In Charlotte Tuesday night, Michelle Obama made a case that she and her husband care more about Americans because they were raised by regular families that cared about regular people. Yet, in four years the Obama’s have never visited Detroit’s mean streets (or any other inner city) where children face a bleak future of poor schools and poor job prospects because families have imploded after decades of anti-family, Democratic welfare policies.
Instead of applying fundamental family principles to America’s needy, the Obamas have prominently devoted their time in the White House to the government elite’s obsession with expensive organic foods and alternative green energy.
Contrary to the Democratic Convention fable, Michelle has jet-setted around the world to lavish hotels, lectured us to adopt expensive organic diets (at a time when many families are struggling to make ends meet on a Wal-Mart budget), and pranced about in $500 designer sneakers. Her husband, meanwhile, has worn a path to Malibu where he talks trendy Green politics with his rich Hollywood friends while shelling out $7,500 tax breaks to Leo DiCaprio to buy $100,000, government-subsidized Fisker Karma luxury sports cars.
This is America’s couple next door?
The Obamas are part of America’s new ruling government elites — the nomenklatura to use the delicious term coined by Soviet dissident Michael Voslenski — that makes society’s rules while never having had the private sector experience of making anything. They occupy a sphere very different from the entrepreneurial culture of Mitt Romney and Paul Ryan. Their’s is a culture of self-reliance and business success that — in my experience — is intimately in touch with America because they hire and work with America’s working class. If Obama knew business, he would not allow the thousands of blue-collar layoffs occurring in coal country today due to his EPA nomenklatura’s War on Coal.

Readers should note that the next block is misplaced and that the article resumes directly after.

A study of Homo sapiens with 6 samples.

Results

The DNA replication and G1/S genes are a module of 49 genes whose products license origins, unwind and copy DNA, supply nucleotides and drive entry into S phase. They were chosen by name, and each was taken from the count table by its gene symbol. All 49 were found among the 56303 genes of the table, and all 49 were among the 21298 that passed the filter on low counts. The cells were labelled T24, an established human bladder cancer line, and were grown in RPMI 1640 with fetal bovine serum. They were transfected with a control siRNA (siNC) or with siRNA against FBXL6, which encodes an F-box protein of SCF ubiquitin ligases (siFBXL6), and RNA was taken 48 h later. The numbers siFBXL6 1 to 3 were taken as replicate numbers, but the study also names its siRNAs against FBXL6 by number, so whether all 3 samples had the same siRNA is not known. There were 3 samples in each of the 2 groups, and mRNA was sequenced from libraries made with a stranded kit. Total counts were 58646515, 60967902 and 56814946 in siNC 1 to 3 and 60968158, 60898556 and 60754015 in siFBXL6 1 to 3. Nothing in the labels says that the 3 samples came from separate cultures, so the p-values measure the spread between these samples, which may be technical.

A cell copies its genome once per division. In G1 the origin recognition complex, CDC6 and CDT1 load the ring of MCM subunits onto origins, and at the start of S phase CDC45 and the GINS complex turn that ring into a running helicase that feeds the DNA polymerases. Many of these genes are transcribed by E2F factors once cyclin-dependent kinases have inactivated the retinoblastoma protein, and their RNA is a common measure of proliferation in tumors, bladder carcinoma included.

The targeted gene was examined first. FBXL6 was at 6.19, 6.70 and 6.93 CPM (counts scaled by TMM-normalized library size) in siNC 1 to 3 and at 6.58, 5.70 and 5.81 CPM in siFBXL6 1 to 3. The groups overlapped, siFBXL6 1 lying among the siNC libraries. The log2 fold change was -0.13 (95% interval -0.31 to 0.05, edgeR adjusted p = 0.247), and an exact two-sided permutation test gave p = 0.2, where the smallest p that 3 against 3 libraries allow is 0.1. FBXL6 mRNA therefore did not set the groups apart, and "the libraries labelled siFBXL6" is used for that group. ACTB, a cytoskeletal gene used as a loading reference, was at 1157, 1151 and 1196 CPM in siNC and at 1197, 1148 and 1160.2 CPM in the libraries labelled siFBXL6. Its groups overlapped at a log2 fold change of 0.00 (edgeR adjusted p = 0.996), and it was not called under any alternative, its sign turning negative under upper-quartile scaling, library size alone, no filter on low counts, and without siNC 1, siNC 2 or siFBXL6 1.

The now-famous story of Romney mobilizing his Bain workforce to rescue a colleague’s lost daughter is touching — but also a commentary on the entrepreneur’s passion for his fellow employees. It is an instinct quite different from the distant corporate cultures of GE and GM where Barack Obama has found his business cronies.
Ultimately, it is entrepreneurs — not the nomenklatura — who are most passionate about America’s needy. Just look at Detroit.
The people most passionate about Detroit’s comeback are wealthy entrepreneurs like Karmanos, Gilbert, Penske, Ilitch. Where elites believe that government should take their wealth so that the nomenklatura can redistribute it to organic farms and Leo DiCaprio — cities like Detroit crave job creators because they create charitable foundations and build businesses.
It is no accident that businessman Governor Rick Snyder is a much more visible advocate for Detroit success than was Democratic Governor Jennifer Granholm. For Snyder, Detroit needs business to succeed — whereas Granholm needed Detroit government unions to succeed to keep her in power.
Michelle and Barack Obama talk of being normal. But in four years, they haven’t walked among the Detroiters who yearn for a normal, middle-class life if only Detroit’s nomenklatura (unions, city councilmen, environmental regulators) would get out of the way and give them — not organic food and electric cars — but safe streets and economic opportunity.
(Henry Payne is editor of The Michigan View. Originally posted on The Michigan View.)